Front-line providers ask Congress for $100B for supplies

Front-line providers ask Congress for $100B for supplies

In a joint letter to congressional leaders, the American Hospital Association, the American Medical Association and the American Nurses Association said Congress should direct the federal agencies "to begin to infuse funds immediately so that they can afford to take the necessary steps to fight the battle against this unseen enemy."

The request is a major increase from the initial ask of $1 billion, but the groups said the situation has changed in just a few days. 


The White House is proposing a $1 trillion economic package to combat the fallout from the coronavirus outbreak, $250 billion of which would be used for direct payments to Americans. They have not specified how much, if any, would go to providers for the express purpose of equipment shortages. 

The legislation signed by President TrumpDonald John TrumpFormer employees critique EPA under Trump in new report Fired State Department watchdog says Pompeo aide attempted to 'bully' him over investigations Virginia senator calls for Barr to resign over order to clear protests MORE on Wednesday provided funding for additional beds, but did not include direct funding to providers for additional equipment.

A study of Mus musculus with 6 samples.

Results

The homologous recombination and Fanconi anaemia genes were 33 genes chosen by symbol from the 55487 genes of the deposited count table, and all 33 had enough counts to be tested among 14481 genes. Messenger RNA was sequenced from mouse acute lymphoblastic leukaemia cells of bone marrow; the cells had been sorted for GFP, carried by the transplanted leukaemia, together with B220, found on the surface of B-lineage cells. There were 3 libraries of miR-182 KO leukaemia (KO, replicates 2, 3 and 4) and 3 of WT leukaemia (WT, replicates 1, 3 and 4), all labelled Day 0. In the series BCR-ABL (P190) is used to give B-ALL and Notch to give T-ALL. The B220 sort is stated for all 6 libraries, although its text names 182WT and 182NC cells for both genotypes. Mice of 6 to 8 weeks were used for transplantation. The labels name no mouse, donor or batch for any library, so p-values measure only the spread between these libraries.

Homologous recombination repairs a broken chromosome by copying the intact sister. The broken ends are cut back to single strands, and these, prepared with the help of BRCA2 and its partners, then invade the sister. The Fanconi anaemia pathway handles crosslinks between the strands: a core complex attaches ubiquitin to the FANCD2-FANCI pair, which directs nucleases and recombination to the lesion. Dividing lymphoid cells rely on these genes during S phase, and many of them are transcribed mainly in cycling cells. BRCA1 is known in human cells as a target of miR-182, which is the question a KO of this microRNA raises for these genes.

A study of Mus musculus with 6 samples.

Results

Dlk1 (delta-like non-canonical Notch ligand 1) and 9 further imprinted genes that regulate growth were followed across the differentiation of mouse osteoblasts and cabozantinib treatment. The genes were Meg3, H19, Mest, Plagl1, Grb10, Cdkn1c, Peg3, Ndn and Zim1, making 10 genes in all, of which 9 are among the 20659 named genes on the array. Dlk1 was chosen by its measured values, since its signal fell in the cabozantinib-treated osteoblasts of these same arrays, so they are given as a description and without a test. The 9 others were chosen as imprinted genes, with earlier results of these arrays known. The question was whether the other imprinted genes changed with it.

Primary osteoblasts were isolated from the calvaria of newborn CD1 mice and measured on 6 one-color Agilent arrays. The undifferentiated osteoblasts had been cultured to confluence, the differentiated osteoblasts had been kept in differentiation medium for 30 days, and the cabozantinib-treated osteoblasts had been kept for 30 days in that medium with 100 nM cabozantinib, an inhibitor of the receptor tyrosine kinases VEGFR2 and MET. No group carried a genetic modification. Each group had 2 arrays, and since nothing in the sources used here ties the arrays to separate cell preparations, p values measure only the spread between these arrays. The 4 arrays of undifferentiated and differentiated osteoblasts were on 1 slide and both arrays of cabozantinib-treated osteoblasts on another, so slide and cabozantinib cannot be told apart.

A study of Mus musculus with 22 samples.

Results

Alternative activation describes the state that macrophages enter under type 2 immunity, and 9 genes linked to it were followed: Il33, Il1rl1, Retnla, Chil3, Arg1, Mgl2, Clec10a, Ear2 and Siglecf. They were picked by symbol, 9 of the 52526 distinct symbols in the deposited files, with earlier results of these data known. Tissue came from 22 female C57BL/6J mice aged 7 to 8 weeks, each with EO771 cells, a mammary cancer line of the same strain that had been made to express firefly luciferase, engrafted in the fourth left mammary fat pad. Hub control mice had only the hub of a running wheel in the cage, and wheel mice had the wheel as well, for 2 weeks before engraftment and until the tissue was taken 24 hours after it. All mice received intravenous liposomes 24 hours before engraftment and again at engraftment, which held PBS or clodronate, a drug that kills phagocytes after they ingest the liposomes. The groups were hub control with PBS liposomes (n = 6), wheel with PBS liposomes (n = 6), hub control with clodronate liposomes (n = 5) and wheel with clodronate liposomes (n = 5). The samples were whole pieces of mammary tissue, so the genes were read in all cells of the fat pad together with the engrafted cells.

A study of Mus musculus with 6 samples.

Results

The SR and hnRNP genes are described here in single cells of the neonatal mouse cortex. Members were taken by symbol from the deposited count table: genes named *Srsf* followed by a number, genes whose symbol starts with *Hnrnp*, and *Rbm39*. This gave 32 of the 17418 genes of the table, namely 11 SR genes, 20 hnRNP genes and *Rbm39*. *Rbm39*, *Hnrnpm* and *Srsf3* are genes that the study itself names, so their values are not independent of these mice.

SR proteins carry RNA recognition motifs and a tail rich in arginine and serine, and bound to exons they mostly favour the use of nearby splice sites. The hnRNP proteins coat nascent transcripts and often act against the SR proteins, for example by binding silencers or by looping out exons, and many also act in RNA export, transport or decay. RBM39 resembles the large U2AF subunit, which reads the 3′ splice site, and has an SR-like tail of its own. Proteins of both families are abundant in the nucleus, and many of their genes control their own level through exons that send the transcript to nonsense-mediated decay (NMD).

Some hospitals are already running short on supplies of personal protection equipment like masks, face shields and gowns, as well as ventilators. 

The groups said that hospitals are losing up to $1 million a day treating COVID-19 patients, and that number may grow as the outbreak worsens. 


Providers have also called on Trump to use the powers granted in the 1950 Defense Production Act. Trump on Wednesday said he was invoking the law, which empowers the government to mobilize private industry to ramp up production in the name of national security.

However, he later said he would only use the powers in a worst case scenario in the future. If the law were invoked, providers would be able to purchase the supplies from American manufacturers.